Tar heel in Manila
by rick olivares
You can take the man out of Chapel Hill but you can’t take Chapel Hill out of the man.
Sam Perkins, 17-year NBA veteran, Olympic Gold Medalist, NCAA Champion, is in Manila to kick off the 100-day countdown to the first ever NBA pre-season games in Manila.
During the press conference that introduced him to the media, Perkins was asked if he rooted for any team in the recently concluded finals and without batting an eyelash, he said he pulled for the San Antonio Spurs because they played as a team and because they also had University of North Carolina alum, Danny Green.
Prior to flying over to Manila, Perkins visited his alma mater. “I just came from Chapel Hill,” he grinned as he admitted to being pleased about the discussion of college ball. “There’s a big connection with all North Carolina alumni. Even if I didn’t play with him (Green) as long as you played for UNC you root for everyone. It’s a tradition for all the teams – baseball, football, lacrosse, basketball, and whatnot. Even in the NBA it’s the same. It’s a Carolina thing.”
The man they call ‘Big Smooth’ is actually from Brooklyn. “New York, baby” he says with a huge grin when talk shifts to his roots. “We call it ‘the Mecca of basketball’, he proudly says of the Big Apple. A place like Indiana has its tradition and strong following but there is nothing like New York City basketball.”
I cite Rick Telander’s famous paean to street basketball, ‘Heaven is a Playground’ and Bobbito Garcia and Kevin Couliau’s independent documentary ‘Doin’ it in the park’ about New York City’s basketball scene and Perkins’ sleepy eyes light up. “That is what I am talking about,” he says now more animatedly as if I had said the magic word. “You know the vibe.”
But that street ball where individual plays can turn an ordinary street urchin into a concrete demigod gave way to the brand of team game that the legendary Dean Smith espoused in hoops.
I ask Perkins if there is anything that his college coach espoused that sticks with him to this day. “Coach,” he begins as his mind begins to access pleasant memories of a bygone past, “always taught us to give back. Not just to your family but to your school, your community, and your roots. And to this day I still do that. And there’s another one – and that’s to talk about others and not yourself. I don’t know why I still do that but that’s very Dean Smith.”
The proof is all in his answers. Perkins played for four teams – the Dallas Mavericks, the Los Angeles Lakers, the Seattle Supersonics, and the Indiana Pacers. He mentioned teammates and friends – Magic Johnson, Gary Payton, Shawn Kemp, Detlef Schrempf, Reggie Miller, Mark Jackson, Rik Smits, the Davis boys (Antonio and Davis). But he also makes special mention of James Worthy and Michael Jordan.
The three were teammates on a North Carolina team that won the 1982 NCAA championship over Georgetown. Worthy was his teammates in the Lakers and Jordan was someone he went up twice against in the NBA Finals of 1991 and 1996 with the latter coming away as the victor on both occasions.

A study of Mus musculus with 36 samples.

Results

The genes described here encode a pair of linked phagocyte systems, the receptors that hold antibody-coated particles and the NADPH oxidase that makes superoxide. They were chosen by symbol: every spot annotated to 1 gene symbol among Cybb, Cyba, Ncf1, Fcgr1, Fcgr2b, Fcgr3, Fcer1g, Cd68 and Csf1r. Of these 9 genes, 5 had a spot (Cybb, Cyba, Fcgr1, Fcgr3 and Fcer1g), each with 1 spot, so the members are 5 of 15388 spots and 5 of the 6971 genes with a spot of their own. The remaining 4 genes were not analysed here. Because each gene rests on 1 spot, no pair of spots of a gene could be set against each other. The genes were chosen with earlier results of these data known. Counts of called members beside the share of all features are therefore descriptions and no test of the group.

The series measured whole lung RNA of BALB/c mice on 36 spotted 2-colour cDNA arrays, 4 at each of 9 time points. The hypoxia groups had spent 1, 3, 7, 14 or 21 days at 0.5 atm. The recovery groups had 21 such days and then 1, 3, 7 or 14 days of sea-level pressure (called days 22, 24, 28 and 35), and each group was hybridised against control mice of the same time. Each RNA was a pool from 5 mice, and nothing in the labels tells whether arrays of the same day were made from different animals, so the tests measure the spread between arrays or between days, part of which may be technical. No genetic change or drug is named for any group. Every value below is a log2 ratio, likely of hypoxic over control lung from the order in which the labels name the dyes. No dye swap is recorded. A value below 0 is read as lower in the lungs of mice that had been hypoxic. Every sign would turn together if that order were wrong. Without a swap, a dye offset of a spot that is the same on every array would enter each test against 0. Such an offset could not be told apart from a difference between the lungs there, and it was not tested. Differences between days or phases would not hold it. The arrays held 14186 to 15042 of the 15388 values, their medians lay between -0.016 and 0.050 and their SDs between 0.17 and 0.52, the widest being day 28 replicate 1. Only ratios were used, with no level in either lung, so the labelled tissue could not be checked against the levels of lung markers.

Jordan too was his teammate on the 1984 US Men’s Basketball Olympic Team that won the gold medal. “A great and highly memorable experience,” he enthuses.
Perkins then recites a list of names from Brooklyn’s hallowed streets. “The history is rich,” he says with reverence. “There’s Lenny Wilkens, Billy Cunningham, Vinnie Johnson, Jamaal Tinsley, Bernard and Albert King, the Hawk (Connie Hawkins), World B. Free, Bassy Telfair, Taj Gibson, Carmelo (Anthony), Steph (Marbury), Mark Jackson, Dwayne Washington, and the list goes on.”
Michael Jordan was born in Brooklyn, I throw in.
Big Smooth grins, “MJ was born is Brooklyn but he moved out to North Carolina about nine months after he was born. He is more of a country boy we can tell that by playing with him. He was coming from Wilmington. But there are your connections.”
And he takes it back to North Carolina. “Back in the day, you finished college and got your degree (Perkins is a communications major). That is why many of us came out polished because you learned the game the right way and Coach Smith taught us that. Now, the game is faster plus like in the recent NBA Draft, you have many players who the fans generally don’t know about because they didn’t stay too long in college and they don’t learn to play a team ball game. That is why the Spurs are a throwback. And I respect that.”
In his third day in Manila, Perkins will get to sample Philippine college basketball – the UAAP. “I hear it’s got a great atmosphere here for basketball in the Philippines. I look forward to the game.”
His work with the Texas Legends in the D-League in Dallas, the Special Olympics, and his consulting for the NBA sometimes makes it impossible to watch all of UNC’s games. “But whenever I can, I watch or go back. Roots is what it is. Roots.”